Human Rights

Intelligence Documents Suggest Obama Administration Lied About Who Drones Kill

The reports, obtained by McClatchy, show targeted assassinations go beyond Al Qaida leaders.

Photo Credit: U.S. Air Force

The Obama administration hasn’t been forthright about who it kills with drones, according to classified intelligence reports obtained by McClatchy.

Contradicting previous rhetoric claiming the U.S.’s targeted killing program only targets “specific senior operational leaders of al-Qaida and associated forces,” the documents corroborate existing reports that hundreds of “other” Pakistanis and Afghans have died at the hands of the Obama administration’s drone attacks. McClatchy’s analysis goes into numbers and details:

The intelligence reports list killings of alleged Afghan insurgents whose organization wasn’t on the U.S. list of terrorist groups at the time of the 9/11 strikes; of suspected members of a Pakistani extremist group that didn’t exist at the time of 9/11; and of unidentified individuals described as “other militants” and “foreign fighters.

At least 265 of up to 482 people who the U.S. intelligence reports estimated the CIA killed during a 12-month period ending in September 2011 were not senior al Qaida leaders but instead were “assessed” as Afghan, Pakistani and unknown extremists. Drones killed only six top al Qaida leaders in those months, according to news media accounts.

The documents also provide a glimpse into the Obama administration’s seemingly thin rationale for executing some attacks. Contrary to claims of the CIA program’s precision and “exceedingly rare” civilian casualties, the intelligence reports proves that “drone operators weren’t always certain who they were killing.” McClatchy’s report notes that several drone victims “died in what appeared to be signature strikes,” or attacks carried out based on a “signature” pattern of behavior, rather than a known identity.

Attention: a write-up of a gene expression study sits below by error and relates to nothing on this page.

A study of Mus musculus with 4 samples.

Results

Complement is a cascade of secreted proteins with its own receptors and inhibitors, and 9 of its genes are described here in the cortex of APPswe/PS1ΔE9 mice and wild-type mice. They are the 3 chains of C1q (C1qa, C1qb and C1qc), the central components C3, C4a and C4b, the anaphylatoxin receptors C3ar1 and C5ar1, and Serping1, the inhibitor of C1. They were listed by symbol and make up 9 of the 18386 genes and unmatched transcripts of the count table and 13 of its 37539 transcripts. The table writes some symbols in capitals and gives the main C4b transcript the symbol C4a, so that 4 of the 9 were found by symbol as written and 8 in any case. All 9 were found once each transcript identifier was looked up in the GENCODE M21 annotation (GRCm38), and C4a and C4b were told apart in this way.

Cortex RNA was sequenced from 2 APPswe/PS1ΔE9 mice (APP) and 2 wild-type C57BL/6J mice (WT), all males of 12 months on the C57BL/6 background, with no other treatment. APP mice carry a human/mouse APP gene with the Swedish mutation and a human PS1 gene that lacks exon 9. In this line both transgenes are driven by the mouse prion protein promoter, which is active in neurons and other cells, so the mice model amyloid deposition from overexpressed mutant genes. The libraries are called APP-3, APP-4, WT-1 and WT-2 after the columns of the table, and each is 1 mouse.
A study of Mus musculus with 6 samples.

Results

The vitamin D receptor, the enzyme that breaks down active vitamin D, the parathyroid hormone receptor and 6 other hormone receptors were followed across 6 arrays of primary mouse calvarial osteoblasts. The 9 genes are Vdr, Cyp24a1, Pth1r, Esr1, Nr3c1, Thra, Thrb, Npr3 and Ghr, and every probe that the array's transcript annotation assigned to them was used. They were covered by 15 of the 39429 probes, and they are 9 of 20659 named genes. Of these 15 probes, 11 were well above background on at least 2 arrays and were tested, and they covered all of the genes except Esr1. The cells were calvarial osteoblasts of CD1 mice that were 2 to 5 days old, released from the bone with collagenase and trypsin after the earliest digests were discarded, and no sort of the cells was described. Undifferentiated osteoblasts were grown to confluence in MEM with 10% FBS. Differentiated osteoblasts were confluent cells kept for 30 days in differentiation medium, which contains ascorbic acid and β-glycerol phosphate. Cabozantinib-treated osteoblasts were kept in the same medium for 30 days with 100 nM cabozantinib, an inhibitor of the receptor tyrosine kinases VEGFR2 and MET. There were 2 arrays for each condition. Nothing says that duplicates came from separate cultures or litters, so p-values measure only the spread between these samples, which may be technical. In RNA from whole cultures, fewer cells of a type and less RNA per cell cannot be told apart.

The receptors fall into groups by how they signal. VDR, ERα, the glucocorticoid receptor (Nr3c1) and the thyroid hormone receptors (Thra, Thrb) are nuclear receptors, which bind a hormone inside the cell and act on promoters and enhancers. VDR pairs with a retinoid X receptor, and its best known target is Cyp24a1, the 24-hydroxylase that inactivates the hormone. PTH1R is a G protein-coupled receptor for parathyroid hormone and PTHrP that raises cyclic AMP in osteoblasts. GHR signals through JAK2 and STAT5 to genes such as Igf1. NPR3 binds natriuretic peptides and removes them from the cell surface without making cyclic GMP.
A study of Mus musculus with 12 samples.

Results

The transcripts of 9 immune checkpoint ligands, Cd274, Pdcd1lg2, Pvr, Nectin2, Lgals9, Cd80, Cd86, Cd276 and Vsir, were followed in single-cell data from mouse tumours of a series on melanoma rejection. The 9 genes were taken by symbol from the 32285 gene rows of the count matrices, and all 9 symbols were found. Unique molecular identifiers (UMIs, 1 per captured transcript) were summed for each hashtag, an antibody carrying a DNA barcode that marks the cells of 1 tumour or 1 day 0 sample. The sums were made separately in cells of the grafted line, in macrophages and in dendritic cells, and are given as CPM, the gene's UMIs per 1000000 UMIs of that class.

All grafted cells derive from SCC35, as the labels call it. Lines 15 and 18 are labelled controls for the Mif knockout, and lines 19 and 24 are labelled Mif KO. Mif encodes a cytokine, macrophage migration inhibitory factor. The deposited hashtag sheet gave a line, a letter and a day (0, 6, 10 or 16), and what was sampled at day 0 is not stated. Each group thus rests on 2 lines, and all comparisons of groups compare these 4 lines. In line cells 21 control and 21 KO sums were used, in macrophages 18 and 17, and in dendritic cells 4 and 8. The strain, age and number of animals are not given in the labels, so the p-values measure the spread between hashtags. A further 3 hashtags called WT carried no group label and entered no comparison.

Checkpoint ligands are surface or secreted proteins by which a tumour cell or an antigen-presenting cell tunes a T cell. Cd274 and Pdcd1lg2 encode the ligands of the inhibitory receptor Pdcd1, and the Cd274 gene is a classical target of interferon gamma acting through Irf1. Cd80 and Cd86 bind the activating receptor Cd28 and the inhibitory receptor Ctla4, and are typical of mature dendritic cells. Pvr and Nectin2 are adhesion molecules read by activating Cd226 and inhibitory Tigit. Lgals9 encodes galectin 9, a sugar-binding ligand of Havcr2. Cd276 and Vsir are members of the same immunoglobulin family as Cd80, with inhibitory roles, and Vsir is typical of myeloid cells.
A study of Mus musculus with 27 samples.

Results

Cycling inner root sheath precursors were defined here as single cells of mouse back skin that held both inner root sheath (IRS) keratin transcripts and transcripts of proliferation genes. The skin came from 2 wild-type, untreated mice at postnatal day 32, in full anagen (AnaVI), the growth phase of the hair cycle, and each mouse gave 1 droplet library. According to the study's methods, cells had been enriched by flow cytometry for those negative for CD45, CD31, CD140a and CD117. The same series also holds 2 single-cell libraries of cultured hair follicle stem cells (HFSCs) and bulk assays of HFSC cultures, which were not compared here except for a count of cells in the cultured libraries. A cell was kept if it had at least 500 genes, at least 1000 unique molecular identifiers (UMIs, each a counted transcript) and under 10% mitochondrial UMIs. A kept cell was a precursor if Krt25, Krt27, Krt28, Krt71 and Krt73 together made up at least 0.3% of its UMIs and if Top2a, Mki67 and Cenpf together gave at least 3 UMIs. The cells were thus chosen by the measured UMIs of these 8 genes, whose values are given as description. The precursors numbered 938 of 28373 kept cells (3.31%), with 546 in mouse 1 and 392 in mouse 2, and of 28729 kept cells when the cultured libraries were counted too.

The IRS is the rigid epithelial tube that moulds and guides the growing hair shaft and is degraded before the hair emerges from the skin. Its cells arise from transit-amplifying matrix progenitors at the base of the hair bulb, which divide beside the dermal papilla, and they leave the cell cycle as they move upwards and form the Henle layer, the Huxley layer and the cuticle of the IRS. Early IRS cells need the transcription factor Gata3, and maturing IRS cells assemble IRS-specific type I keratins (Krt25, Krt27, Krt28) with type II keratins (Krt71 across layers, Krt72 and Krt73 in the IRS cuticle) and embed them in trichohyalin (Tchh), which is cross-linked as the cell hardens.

The documents also reveal a breadth of targeting that is complicated by the culture in the restive region of Pakistan where militants and ordinary tribesmen dress the same, and carrying a weapon is part of the centuries-old tradition of the Pashtun ethnic group.

As others have pointed out, the documents merely support what several investigative journalists have already revealed—that the scope of Obama’s drone targets extend far beyond its stated standards. Reports from the Bureau of Investigative Journalism estimates that up to 3,581 people, including up to 884 civilians, have died in drone strikes in Pakistan from 2004 to 2013.

Steven Hsieh is an editorial assistant at AlterNet and writer based in Brooklyn. Follow him on Twitter @stevenjhsieh.